Genre Kryptonite: Drug Addiction Memoirs (a.k.a. Books to Get Hooked On)

This installment of Genre Kryptonite is a guest post by Rita Meade. Rita is a librarian who lives and works in Brooklyn, NY. She blogs about her (often crazy, always entertaining) library adventures at Screwy Decimal. You can find her on Twitter at @ScrewyDecimal. 


Clearly, I’m not the only one. With the popularity of television shows like A&E’s “Intervention” and the spotlight on the endless parade of celebrities in and out of rehab, it seems that our society has an ever-growing obsession with addiction and how individuals are drawn into and escape from its grasp (or not, in the saddest of cases). But why do we watch these shows and read these memoirs? Is it simple curiosity? Is it shameless voyeurism? Is it an attempt to understand addiction in the hopes of preventing or curing it, or is it just a way for people to somehow feel better about their own lives?  I can’t say for sure where I fit into this spectrum. I can only say that, ultimately, these stories are as engrossing as they are devastating.

There’s a plethora of published addiction memoirs out there, and they vary greatly in style, tone, and purpose. I have chosen the following books to highlight because they offer unique and candid perspectives on the many different facets of addiction.

Boston: Houghton Mifflin, 2006

Journalist David Sheff gives a first-hand look at a father’s anguish, frustration, and guilt as he watches his vibrant teenage son Nic sink deeper and deeper into methamphetamine addiction. Wrought with emotion and unflinching honesty, Sheff analyzes, explores, and laments on Nic’s battle, reflecting back on himself and how his own choices and actions may or may not have impacted Nic’s decision to turn to drugs. Unlike the other memoirs on this list, Sheff, perhaps in an attempt to understand his son’s situation in a logical way, provides background information on the meth epidemic in America and its grave impact on families as well as on the individuals who use it. It’s a difficult read in terms of content, but poignant and eloquently written.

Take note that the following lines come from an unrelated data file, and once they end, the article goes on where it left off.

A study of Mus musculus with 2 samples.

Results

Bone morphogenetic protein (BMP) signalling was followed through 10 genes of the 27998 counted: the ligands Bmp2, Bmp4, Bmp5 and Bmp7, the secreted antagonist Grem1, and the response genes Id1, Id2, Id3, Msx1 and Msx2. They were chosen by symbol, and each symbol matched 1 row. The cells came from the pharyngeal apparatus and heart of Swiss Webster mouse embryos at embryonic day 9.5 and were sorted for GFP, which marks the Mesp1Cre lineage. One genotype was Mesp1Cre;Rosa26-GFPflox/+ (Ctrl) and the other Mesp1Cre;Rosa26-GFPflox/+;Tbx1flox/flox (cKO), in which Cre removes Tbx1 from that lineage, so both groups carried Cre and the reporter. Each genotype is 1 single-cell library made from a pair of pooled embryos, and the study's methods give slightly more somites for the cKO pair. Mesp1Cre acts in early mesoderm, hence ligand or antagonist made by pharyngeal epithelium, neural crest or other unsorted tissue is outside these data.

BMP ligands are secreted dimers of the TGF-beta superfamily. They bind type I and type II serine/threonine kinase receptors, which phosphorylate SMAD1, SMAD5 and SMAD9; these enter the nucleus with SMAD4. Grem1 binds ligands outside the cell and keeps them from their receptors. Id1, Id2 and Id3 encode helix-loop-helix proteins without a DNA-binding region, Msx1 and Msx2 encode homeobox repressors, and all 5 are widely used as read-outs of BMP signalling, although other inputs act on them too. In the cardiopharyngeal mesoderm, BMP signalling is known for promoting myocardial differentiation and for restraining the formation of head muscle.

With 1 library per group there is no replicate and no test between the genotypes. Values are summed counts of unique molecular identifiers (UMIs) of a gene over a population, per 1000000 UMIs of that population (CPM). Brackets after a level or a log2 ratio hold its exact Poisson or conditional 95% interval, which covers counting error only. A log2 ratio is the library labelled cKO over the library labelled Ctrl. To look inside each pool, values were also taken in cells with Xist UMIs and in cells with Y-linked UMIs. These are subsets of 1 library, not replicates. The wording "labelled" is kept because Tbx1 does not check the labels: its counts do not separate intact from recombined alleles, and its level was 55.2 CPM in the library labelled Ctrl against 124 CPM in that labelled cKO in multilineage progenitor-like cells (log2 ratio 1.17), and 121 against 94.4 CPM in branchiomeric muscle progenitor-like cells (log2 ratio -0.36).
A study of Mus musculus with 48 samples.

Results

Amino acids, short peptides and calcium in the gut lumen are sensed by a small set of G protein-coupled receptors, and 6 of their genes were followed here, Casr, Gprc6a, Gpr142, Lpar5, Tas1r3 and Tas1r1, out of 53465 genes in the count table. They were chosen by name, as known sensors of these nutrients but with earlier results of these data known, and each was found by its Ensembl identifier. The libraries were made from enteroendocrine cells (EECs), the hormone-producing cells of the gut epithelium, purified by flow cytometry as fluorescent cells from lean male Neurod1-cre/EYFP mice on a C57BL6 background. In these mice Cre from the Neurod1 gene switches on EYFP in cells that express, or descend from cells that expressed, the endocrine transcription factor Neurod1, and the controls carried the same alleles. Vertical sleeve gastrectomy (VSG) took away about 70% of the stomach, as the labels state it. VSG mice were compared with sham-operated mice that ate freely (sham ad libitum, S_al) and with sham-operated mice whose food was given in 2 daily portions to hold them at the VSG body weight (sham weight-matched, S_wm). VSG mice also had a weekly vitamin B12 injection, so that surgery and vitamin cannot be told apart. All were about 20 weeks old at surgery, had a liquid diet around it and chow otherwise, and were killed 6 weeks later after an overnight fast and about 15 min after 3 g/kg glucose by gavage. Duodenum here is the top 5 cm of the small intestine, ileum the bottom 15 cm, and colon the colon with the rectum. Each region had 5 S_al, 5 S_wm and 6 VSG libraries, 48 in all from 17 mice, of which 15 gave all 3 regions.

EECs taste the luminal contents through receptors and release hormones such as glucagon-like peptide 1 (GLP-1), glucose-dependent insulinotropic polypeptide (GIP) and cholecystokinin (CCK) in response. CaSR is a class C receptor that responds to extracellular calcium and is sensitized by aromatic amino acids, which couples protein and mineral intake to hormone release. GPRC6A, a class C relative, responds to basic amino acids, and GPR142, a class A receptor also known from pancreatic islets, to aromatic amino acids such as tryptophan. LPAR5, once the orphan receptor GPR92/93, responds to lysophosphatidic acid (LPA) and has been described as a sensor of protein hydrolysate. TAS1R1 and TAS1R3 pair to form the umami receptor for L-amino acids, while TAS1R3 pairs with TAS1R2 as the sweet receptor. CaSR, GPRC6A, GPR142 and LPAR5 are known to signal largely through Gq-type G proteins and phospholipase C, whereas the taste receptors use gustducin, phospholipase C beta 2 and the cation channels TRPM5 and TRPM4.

Atheneum Books for Young Readers, 2007

A year after his father’s book was published, Nic Sheff’s own depiction of his struggles with meth addiction was released. Nic gives a graphic, sometimes frustratingly self-absorbed, but wholly riveting portrayal of his numerous relapses, family and relationship turmoil, and emotional breakdowns. His succinct writing style borders on over-casual, but it helps make this book an intriguing contrast to the florid portrayal in Beautiful Boy. (My advice? Skip Nic Sheff’s 2011 follow-up memoir, We All Fall Down, which has all of the grit of his first book without any of the heart.)

 


New York: VH1 Books, 2007

As fans of glam metal might know, Nikki Sixx was the bass player for the band Mötley Crüe. The Heroin Diaries chronicles a year in Sixx’s drug-ravaged life, detailing his destructively co-dependent relationships, the difficulties that accompanied the recording of Mötley Crüe’s Girls, Girls, Girls album, and his near-death by overdose. The book’s format – art-infused diary entries written by family, friends, musician cohorts, and Sixx himself – keeps things moving at an electric pace. It’s engaging, provocative, and explicitly shows the highs, lows, and ultimate dangers of heroin use. Admittedly, I was slightly irritated at times by the fact that at no point during his retrospection did Sixx seem to display any kind of self-awareness about the consequences of his addiction. Still, there’s no denying that there is a compelling story here, and it’s worth a read if you want a frenetic behind-the-scenes look into the world of sex, drugs, and rock ‘n roll.

New York: Hyperion, 2004

Without apology or pretense, Anthony Kiedis, front man of the funk rock band Red Hot Chili Peppers, tells his tale of addiction in a refreshingly simple and honest voice. Kiedis lays out the details of his hedonistic and self-destructive escapades from over the years, talks about his multiple relapses and stints in rehab, and discusses how music and his relationships with his band mates have influenced his life – for better or for worse. In addition, he describes his chaotic, painful childhood, and his spiral into the world of drugs in order to help escape from what was going on around him. There are spiritual aspects to Kiedis’s fight with drug addiction, and his narrative gets a little “new-agey” at points, but in the end, I was completely immersed by his story and found myself truly hoping that he would FINALLY stay clean this time around.

Maybe that’s why we read these stories with such voracity – to find hope in the direst of circumstances; to see if hope is indeed more powerful than any substance.